I use dumbbells for almost all of my bicep training because they afford several advantages. Dumbbells allow a greater range of motion, whereas a barbell or EZ-curl bar locks you into a more rigid arc of execution. Dumbbells also allow you to supinate your wrists to hit your biceps from a variety of angles.
Another advantage is that dumbbells allow you to concentrate fully on your biceps and get a complete workout without overtaxing the rest of your body. However, barbells allow to lift maximum poundages so I would never recommend that you discard them altogether. None the less, they bias your body's center of gravity forward, causing you to expand energy stabilizing yourself. In that regard, then, barbells are not what you would call efficient.
I begin with standing alternate curls because they take more energy than say other bicep exercises. Of all the dumbbell movements I will talk about they are probably the best mass builder. I like to start off with a light warm-up set. I cannot stress enough the importance of warming up, before you get into your all out working sets. I will then bump up my weight and do 3 working sets. Things to remember when doing tis exercise is to concentrate on a steady smooth movement. Also when brining the weight to the top of the movement, try turning your little finger in toward your body a bit. This will provide you with supination which will allow you to fully peak your biceps.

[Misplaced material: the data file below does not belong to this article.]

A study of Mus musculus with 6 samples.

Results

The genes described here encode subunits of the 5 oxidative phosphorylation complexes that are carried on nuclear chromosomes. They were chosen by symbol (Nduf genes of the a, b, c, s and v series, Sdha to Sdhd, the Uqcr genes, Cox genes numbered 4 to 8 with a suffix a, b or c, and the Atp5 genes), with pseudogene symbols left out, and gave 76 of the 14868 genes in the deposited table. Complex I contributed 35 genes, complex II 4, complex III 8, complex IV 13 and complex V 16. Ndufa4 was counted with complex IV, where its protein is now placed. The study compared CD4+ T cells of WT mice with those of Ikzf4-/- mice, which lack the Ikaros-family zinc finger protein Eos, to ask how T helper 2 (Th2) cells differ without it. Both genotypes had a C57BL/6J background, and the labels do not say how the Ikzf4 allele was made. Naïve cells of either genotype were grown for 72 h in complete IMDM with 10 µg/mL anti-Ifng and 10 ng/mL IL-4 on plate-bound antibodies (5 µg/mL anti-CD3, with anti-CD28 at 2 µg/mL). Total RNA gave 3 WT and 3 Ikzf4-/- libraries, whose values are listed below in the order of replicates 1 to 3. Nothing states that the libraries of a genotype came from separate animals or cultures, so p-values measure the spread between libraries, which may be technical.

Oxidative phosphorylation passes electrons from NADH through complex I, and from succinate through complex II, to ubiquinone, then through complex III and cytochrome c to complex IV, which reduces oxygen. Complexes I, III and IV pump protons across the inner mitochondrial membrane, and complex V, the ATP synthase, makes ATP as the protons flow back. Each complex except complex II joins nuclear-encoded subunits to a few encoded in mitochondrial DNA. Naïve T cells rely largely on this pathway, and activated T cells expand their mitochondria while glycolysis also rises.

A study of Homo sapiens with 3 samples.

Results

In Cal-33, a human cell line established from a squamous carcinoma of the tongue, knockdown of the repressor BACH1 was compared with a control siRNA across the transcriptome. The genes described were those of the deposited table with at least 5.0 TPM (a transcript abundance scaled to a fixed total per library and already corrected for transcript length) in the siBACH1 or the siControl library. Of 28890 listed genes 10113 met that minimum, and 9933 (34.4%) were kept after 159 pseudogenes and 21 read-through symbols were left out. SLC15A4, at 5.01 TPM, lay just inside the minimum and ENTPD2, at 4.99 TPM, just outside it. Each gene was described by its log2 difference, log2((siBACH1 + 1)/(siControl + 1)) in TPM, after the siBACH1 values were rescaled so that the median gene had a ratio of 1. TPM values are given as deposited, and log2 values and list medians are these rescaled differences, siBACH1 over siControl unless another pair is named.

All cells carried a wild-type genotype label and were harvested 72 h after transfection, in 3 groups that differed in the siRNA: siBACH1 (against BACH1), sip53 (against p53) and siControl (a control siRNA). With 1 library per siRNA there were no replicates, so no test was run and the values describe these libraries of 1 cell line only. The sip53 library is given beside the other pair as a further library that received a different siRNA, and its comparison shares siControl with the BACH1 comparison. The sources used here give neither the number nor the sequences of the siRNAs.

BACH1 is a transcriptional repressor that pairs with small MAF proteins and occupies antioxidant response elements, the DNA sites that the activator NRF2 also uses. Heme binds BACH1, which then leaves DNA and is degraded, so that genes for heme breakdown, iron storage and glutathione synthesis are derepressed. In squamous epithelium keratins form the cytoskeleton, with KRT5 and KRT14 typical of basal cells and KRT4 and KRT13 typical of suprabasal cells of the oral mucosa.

Next I move on to single arm preacher curls, using a moderate weight. You want to have enough weights that you can hit about 10 reps per arm per set. Make it a point not to let the dumbbell twist throughout the movement, keep it parallel to the ground. Also concentrate on slowly lowering the dumbbell back down once you reach the top. This exercise if done correctly will really hit the belly of the exercise.
Lastly I will perform seated concentration curls. This is a good mass and blood-pumping movement to finish with. The focus when doing these curls is directly on the biceps, whereas you have put a lot of effort into stabilizing the weight with the standing version. In this you want to try and hit the brachialis, the muscle between the biceps and the triceps.
Start the movement with your arm extended and bring the weight up across your body, almost toward your opposite shoulder. This is very different from the standing concentration curls. Also, keep your palm turned forward your body throughout the movement, raising it in a hammer-like motion that will target your outer bicep.